08 Feb EEOC Issues Guidance on Mental Health Conditions under the ADA
As HR professionals are well-aware, handling an employee’s request for a reasonable accommodation can become a time-consuming and stressful process. The mishandling of a request can lead to costly and time consuming legal consequences. (Here is one example concerning the termination of an employee who requested CFRA leave due to depression.) One of the most challenging scenarios can arise when an employee requests a reasonable accommodation for a mental health condition like anxiety, depression, or post-traumatic stress disorder (PTSD).
The Equal Employment Opportunity Commission recently issued a guidance on mental health condition accommodations. The EEOC’s press release that accompanied its guidance stated, “During fiscal year 2016, preliminary data shows that EEOC resolved almost 5,000 charges of discrimination based on mental health conditions, obtaining approximately $20 million for individuals with mental health conditions who were unlawfully denied employment and reasonable accommodations.” The numbers cited by the EEOC seem likely to grow as our society continues to place greater emphasis on personal “wellness” and stigmas associated with mental health conditions become less prevalent.
Does the EEOC’s new guidance provide useful information to employers?
The publication titled, “Depression, PTSD, & Other Mental Health Conditions in the Workplace: Your Legal Rights,” provides an overview of the Americans with Disabilities Act (ADA) in a Q&A format from the employee’s point of view. However, the answers also address an employer’s obligations when attempting to provide a reasonable accommodation to an applicant or employee with a mental health condition.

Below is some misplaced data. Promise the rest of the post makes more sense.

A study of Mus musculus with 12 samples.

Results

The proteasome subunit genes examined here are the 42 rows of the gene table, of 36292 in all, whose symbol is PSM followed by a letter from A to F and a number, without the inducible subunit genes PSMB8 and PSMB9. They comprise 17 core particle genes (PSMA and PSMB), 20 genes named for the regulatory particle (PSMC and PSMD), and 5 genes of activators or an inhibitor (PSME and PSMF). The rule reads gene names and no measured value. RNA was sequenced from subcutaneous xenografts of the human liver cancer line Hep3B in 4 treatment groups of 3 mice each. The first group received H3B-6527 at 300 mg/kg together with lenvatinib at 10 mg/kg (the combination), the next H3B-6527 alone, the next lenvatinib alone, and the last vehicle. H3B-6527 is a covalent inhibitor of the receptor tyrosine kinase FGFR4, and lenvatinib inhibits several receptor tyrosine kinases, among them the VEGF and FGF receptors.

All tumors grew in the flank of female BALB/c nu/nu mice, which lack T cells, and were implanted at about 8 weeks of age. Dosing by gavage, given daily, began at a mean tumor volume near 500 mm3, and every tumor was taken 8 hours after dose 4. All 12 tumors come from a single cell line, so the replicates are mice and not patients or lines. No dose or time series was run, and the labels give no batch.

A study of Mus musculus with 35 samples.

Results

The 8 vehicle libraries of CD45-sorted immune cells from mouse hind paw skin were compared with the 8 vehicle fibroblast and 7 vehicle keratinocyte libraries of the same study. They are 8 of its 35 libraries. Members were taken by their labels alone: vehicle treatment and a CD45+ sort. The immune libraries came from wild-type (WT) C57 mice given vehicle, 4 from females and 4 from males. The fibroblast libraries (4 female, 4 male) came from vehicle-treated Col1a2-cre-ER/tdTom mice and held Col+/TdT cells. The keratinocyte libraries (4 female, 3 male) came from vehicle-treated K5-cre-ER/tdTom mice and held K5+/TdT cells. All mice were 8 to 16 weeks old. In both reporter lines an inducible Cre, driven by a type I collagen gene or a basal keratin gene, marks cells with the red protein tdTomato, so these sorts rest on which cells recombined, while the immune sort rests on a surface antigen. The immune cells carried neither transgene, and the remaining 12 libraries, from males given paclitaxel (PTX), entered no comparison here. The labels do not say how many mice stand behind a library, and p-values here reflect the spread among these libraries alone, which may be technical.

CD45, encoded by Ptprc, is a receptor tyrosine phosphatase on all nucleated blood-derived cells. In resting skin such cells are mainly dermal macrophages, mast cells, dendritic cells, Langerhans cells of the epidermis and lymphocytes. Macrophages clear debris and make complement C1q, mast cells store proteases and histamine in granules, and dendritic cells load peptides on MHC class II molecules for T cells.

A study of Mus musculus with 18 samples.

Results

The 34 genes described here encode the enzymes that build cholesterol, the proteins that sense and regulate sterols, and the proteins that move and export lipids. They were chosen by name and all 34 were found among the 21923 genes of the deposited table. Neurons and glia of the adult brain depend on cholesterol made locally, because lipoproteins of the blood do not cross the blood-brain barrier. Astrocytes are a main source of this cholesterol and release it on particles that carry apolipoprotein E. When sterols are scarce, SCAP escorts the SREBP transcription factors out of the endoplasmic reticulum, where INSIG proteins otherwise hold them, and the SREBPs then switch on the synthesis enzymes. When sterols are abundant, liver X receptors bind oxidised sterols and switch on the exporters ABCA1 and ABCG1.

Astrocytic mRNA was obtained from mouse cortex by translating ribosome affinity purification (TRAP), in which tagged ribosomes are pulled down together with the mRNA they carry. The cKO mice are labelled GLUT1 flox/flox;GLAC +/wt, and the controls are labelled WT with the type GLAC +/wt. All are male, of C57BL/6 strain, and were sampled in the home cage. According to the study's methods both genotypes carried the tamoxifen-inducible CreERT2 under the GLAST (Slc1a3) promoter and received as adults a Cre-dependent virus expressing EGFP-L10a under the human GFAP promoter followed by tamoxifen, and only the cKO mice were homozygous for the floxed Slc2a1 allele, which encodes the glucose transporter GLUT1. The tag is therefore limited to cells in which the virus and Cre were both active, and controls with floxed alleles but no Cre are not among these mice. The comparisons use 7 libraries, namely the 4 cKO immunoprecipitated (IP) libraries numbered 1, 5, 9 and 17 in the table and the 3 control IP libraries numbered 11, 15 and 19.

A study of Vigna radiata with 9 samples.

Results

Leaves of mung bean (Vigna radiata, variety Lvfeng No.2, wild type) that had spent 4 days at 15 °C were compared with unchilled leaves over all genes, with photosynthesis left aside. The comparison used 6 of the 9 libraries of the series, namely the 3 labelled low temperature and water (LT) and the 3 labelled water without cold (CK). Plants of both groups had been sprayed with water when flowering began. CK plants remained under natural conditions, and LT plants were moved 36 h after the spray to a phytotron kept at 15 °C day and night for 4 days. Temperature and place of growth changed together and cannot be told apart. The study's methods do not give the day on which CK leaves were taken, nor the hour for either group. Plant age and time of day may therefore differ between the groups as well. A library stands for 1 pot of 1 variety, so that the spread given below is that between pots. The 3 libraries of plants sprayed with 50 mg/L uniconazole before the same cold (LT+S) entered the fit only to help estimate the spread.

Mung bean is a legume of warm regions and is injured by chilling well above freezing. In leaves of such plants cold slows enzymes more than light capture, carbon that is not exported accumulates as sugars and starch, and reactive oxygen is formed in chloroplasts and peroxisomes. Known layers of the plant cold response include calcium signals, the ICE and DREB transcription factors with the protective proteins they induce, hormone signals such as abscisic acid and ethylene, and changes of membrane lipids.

The “Fact Sheet” published titled, “The Mental Health Provider’s Role in a Client’s Request for a Reasonable Accommodation at Work” provides employers with suggestions for requesting meaningful information from an employee’s health care provider when confronted with a reasonable accommodation request. The fact sheet is written in a Q&A format with the employee’s medical care provider as the audience. Question number 9 is a must read for employers. The EEOC explains to the health care provider that an employer “may require documentation that establishes how your client’s condition limits job performance, and how an accommodation would help to overcome the limitation.” The EEOC suggests the health care provider may give the employer documentation that provides information in “plain language” concerning the following:
- The health care provider’s professional qualifications and the nature and length of the relationship with the employee;
- The nature of the employee’s condition;
- The employee’s functional limitations in the absence of treatment;
- The need for a reasonable accommodation, explaining how the employee’s symptoms (as they actually are, with treatment) make changes at work necessary, and limiting the explanation to specific problems that may be helped by a reasonable accommodation; and
- Suggested accommodations if the health care provider is aware of any.
In handling any request for a reasonable accommodation, employers should always be mindful of the employee’s privacy rights in his or her medical information, and that the employee is protected against discrimination and harassment at work because of his or her condition.